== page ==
It’s easy to see why Canadian playwright Evelyne de la Cheneliere’s “Bashir Lazhar” has been one of the most popular and most widely staged recent works in Canada, based on its stunning and moving American premiere at the Barrington Stage Company in Pittsfield, Mass., where it will play through June 8.
Although it was made into a French-language Canadian film (“Monsieur Lazhar”) that was nominated for an Academy Award, in its original 80-minute, one act, one person version remains an example of the power of theater to thrill the mind and grab the emotions. With the remarkable Juri Henley-Cohn as the title character and under Shakina Nayfack’s precise direction, “Bashir Lazhar” emerges as a touching work with an impact that lingers long after the final blackout.
In an English translation by Morwyn Brebner, the play recounts Bashir’s story as an Algerian refugee in Montreal, where he exploits a tragic incident to become a substitute teacher to a class of students who were witness to the incident. After a few unfortunate starts, it becomes clear that Bashir, who was also a teacher back in Algeria, has a deep personal commitment to teaching and an even more intense connection to students and young people in general.
As we learn by the end of the play, he sees his role as a teacher as playing a crucial role in humanity’s future, comparing it to a teacher’s ability to erase a blackboard and start over with a clean slate. Because of certain incidents in his own life in Algeria, which are gradually revealed over the course of the play, he sees each new generation of children as a possibility to start over with a clean slate and ultimately change humanity’s propensity to bullying, violence and despair. Without giving away too much about this absorbing work, let’s just say that his enthusiasm and some cultural misunderstandings will cause him some complications as he strives to fulfill what he perceives as his mission at his new school.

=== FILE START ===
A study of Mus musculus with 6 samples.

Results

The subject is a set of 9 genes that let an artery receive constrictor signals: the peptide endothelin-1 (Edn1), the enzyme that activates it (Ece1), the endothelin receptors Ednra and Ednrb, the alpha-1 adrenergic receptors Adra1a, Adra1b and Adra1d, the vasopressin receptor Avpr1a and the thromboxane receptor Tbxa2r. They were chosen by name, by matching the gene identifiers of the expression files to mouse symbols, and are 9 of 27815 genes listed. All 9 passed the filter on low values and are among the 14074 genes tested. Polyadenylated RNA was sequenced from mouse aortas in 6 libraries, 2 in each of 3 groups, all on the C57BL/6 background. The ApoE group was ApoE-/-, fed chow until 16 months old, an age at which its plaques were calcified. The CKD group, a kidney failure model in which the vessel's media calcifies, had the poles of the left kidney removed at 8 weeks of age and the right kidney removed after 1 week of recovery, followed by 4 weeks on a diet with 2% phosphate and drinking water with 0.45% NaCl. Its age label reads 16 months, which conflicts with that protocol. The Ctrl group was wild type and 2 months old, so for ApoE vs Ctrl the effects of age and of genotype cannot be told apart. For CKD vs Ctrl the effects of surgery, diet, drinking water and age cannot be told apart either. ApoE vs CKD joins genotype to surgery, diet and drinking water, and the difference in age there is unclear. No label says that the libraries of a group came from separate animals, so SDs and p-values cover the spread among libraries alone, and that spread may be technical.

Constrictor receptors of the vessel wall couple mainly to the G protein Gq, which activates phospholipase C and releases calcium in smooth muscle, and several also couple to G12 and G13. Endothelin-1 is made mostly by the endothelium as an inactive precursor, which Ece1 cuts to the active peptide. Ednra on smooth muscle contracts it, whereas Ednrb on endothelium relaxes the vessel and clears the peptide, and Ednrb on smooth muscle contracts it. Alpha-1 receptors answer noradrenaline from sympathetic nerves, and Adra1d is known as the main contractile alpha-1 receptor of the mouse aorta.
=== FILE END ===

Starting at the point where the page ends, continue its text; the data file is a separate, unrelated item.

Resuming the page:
Henley-Cohn is absolutely mesmerizing as Lazhar (called “Monsieur Lazhar” in the film of the same name), capturing the accent seemingly perfectly throughout while speaking in the tentative voice of an individual new to a culture and a curriculum. He ably captures the semi-awkward movements of a man deferring to the authority of a new superior (and coming from Algeria, it could be the first time he has a woman as a boss), while trying to present a confidence and assuredness to his class.
His progress as a teacher, in which he genuinely connects with and inspires some of this students, is interspersed with short scenes and glimpses of scenes that reveal key moments in Lazhar’s personal life in Algeria and upon his initial arrival in Canada. Henley-Cohn is both impassioned and tragic during a scene recounting Lazhar’s request for political refugee status in Canada, a scene that reveals the emotional toll that his journey has exacted.
One of the most interesting and, for the creative team, challenging things about “Bashir Lazhar” is that as written by de la Cheneliere, it is essentially an extended monologue with virtually no stage directions, just a note or two as to whom Bashir may be addressing. As a result, it was necessary for director Nayfack and Henley-Cohn, along with the members of the design team, to develop their own staging and scenic concept that would not only keep the work from being static but visually interesting and clear as well.
Brett J. Banakis has provided a set that resembles a school room, with a teacher’s desk and a few chairs, a blackboard, a student’s desk and some windows, but thanks to Robert Brown’s adroit lighting and the realignment of a few pieces of furniture, it can be converted to a principal’s office, a teacher’s lounge and even an immigration hearing room. Nayfack manages to make de la Cheneliere’s stream of consciousness presentation easy to follow, with Henley-Cohn’s changing facial expressions and posture quickly communicating the type of situation.
Anthony Mattana has composed a stirring, irresistible score for the production that establishes the mood upon entrance into the Barrington Stage’s St. Germain Stage in the Sydell and Lee Blatt Performing Arts Center and provides a strong foundation for the various emotions that are prompted by the tale.
This strong, moving production is an impressive way to open the season at Barrington Stage. It reminds us that summer theater can be intelligent, suggestive and dynamic. It is one of the most eloquent works I have encountered in recent months and this production does the play proud.
For information and tickets, call the Barrington Stage Box Office at 413.236.8888 (or toll-free at 855-TIX-2BSC) or visit the Barrington Stage website at www.barringtonstageco.org. The Blatt Center is located at 26 Linden Street in downtown Pittsfield.